Hong Kong fund managers see AUM hit record high

10 July 2014   Category: News, Asia, Global, Hong Kong   By Asia Asset Management

The total AUM of Hong Kong’s fund management industry grew 27.2% year-on-year to a record high of HK$16 trillion (US$2.06 trillion) as of the end of 2013, according to the Securities and Futures Commission (SFC).

The regulatory watchdog’s annual Fund Management Activities Survey (FMAS) interviewed a total of 555 institutions, including 488 licensed asset management and fund advisory corporations, 47 registered financial institutions and 20 insurance companies.

The survey indicated that Hong Kong continued to be a preferred platform for international investors to access Asia. Contributions from overseas investors reached a historic high of HK$11.38 trillion, or 72% of the total fund management business in 2013.

"The record high AUM of our combined fund management business at the end of 2013 ranks us among the top asset management hubs in Asia ex Japan.  Significant inflows of overseas capital underscore the value and attractiveness of our open markets and our role as an international asset management centre," said Alexa Lam, the SFC’s deputy chief executive officer and executive director of investment products, international and China at the SFC.

"Hong Kong's fund industry is trending up the value chain with more market professionals engaging in the high value end of the business. Hong Kong’s strength in product innovation and in particular our lead in RMB product development are a key driver behind the growth of its fund management business," Ms. Lam added.

Below is a breakdown of the performance of different market players:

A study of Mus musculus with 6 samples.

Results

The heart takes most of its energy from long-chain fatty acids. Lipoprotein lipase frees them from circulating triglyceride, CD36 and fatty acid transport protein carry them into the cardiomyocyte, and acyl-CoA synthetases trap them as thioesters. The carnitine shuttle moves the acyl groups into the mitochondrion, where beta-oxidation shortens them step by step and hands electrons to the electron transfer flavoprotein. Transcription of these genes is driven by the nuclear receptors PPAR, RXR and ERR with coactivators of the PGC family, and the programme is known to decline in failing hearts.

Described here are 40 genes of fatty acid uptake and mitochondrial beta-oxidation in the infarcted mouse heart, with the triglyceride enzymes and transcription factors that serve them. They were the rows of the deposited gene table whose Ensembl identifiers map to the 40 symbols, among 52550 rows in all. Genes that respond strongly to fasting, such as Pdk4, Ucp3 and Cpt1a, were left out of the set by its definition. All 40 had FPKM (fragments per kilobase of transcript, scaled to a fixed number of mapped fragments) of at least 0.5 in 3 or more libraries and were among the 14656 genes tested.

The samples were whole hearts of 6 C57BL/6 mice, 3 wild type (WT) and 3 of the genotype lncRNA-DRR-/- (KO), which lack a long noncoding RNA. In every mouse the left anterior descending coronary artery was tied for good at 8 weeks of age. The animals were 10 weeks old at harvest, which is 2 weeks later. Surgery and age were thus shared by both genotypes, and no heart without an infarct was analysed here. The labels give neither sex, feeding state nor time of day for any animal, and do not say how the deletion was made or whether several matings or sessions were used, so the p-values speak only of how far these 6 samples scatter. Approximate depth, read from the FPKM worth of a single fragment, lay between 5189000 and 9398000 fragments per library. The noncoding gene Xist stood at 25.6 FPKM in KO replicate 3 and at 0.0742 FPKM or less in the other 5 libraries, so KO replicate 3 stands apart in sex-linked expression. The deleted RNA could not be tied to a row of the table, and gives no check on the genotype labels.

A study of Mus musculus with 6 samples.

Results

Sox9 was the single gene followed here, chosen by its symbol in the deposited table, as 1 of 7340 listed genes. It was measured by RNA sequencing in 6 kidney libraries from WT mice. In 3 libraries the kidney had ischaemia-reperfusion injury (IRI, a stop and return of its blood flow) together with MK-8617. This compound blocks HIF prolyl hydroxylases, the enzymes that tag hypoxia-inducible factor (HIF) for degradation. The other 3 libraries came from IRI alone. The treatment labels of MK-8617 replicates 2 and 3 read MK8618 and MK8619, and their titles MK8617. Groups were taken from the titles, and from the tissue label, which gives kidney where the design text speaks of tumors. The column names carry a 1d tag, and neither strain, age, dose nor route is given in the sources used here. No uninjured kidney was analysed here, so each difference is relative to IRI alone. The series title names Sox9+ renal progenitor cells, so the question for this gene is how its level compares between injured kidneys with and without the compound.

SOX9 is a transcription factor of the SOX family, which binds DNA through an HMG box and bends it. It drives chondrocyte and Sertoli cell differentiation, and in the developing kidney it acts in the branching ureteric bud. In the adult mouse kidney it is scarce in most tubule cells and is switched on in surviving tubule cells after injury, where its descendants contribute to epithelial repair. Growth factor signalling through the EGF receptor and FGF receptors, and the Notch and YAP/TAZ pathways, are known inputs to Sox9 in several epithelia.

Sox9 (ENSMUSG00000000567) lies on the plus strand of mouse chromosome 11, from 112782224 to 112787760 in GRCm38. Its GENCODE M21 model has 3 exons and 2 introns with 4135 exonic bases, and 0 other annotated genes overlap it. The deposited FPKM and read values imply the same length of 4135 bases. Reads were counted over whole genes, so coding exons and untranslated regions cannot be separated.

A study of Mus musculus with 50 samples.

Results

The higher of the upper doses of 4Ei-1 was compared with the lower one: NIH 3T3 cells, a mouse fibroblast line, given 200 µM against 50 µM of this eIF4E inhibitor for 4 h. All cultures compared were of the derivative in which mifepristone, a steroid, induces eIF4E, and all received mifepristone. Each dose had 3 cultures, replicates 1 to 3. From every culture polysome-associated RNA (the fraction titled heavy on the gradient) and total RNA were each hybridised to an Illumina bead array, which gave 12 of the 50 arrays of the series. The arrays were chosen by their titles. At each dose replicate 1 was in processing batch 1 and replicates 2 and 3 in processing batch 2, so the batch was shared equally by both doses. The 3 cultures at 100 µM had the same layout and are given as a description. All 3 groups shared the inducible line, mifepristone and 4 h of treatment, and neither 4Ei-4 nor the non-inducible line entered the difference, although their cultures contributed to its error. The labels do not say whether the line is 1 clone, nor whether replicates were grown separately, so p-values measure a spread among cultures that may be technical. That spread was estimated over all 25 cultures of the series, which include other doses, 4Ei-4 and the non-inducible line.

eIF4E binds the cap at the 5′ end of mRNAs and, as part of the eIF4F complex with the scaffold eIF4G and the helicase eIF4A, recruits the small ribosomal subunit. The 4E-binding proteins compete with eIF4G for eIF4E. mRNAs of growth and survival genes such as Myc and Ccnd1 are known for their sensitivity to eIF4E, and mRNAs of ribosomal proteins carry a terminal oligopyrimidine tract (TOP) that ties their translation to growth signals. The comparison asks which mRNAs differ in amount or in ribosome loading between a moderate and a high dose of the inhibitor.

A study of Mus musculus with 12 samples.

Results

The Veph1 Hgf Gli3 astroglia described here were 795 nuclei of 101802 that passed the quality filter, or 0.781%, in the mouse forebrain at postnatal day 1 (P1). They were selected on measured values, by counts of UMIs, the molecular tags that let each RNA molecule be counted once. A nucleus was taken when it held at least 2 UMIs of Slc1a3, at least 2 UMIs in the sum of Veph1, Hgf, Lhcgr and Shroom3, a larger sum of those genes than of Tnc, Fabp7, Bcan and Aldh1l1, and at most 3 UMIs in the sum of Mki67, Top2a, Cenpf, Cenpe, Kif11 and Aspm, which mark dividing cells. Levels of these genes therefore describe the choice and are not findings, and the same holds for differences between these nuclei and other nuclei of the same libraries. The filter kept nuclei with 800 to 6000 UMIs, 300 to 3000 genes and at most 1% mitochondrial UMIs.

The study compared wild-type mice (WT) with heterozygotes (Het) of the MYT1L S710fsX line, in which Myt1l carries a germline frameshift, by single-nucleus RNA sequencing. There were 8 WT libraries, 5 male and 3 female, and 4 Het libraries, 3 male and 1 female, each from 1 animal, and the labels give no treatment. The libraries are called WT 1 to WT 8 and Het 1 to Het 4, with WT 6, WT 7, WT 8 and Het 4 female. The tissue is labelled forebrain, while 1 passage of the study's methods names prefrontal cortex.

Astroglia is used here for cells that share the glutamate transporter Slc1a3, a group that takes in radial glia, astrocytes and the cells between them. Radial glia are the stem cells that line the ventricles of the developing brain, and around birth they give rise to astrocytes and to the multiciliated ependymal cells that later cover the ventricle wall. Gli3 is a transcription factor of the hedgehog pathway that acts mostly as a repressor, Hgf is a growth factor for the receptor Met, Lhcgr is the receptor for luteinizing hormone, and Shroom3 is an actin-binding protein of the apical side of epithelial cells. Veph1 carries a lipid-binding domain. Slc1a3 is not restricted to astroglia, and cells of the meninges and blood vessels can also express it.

• Licensed asset management and fund advisory corporations continued to contribute the largest proportion of the combined asset management business. Their aggregate asset management and fund advisory businesses amounted to HK$11.78 trillion at the end of 2013, up 28.4% from end-2012.
  • Registered institutions recorded a 27.8% increase in their aggregate asset management and other private banking businesses to HK$3.68 trillion at end-2013.
  • Insurance companies reported a 1.7% increase in their AUM to HK$364 billion at end-2013.

Some highlights of the survey include:

  • Non-REIT asset management business increased by 38.5% to HK$11.42 trillion in 2013. Of this amount, HK$5.83 trillion worth of assets (or 51.0%) was managed in Hong Kong and 74.6% of these assets managed in Hong Kong were invested in Asia.
  • Other private banking business increased by 2.7% to HK$2.75 trillion in 2013.
  • Fund advisory business grew by 11.6% to HK$1.67 trillion in 2013.
  • The market capitalisation of SFC-authorised REITs increased by approximately 1.7% to HK$177 billion in 2013. 

The FMAS report noted that Hong Kong is committed to maintaining its lead as the centre for creation and development of RMB assets, products and services. At the same time, as the number of Mainland-related financial institutions establishing operations in Hong Kong continues to increase, they have brought new opportunities to the territory’s market.

Furthermore, the report noted that the SFC continues its efforts to facilitate market development and safeguard investor interests through launching various facilitative measures and regulatory initiatives. The SFC is also committed to investor education and the ongoing monitoring of investment products.

"The SFC will continue to follow through with the Mainland regulatory authorities on arrangements in relation to the mutual recognition of funds between Hong Kong and the Mainland. This initiative will help promote Hong Kong domiciled funds. Increased AUM will further develop the ancillary professional service sectors engaged in the product development, investment management and distribution of sales of funds. We need to take positive steps to ensure that we have a robust and attractive platform with sufficient expertise to capture the ever-growing opportunities in the region, with China as one of the key driving forces of economic growth," Ms. Lam said.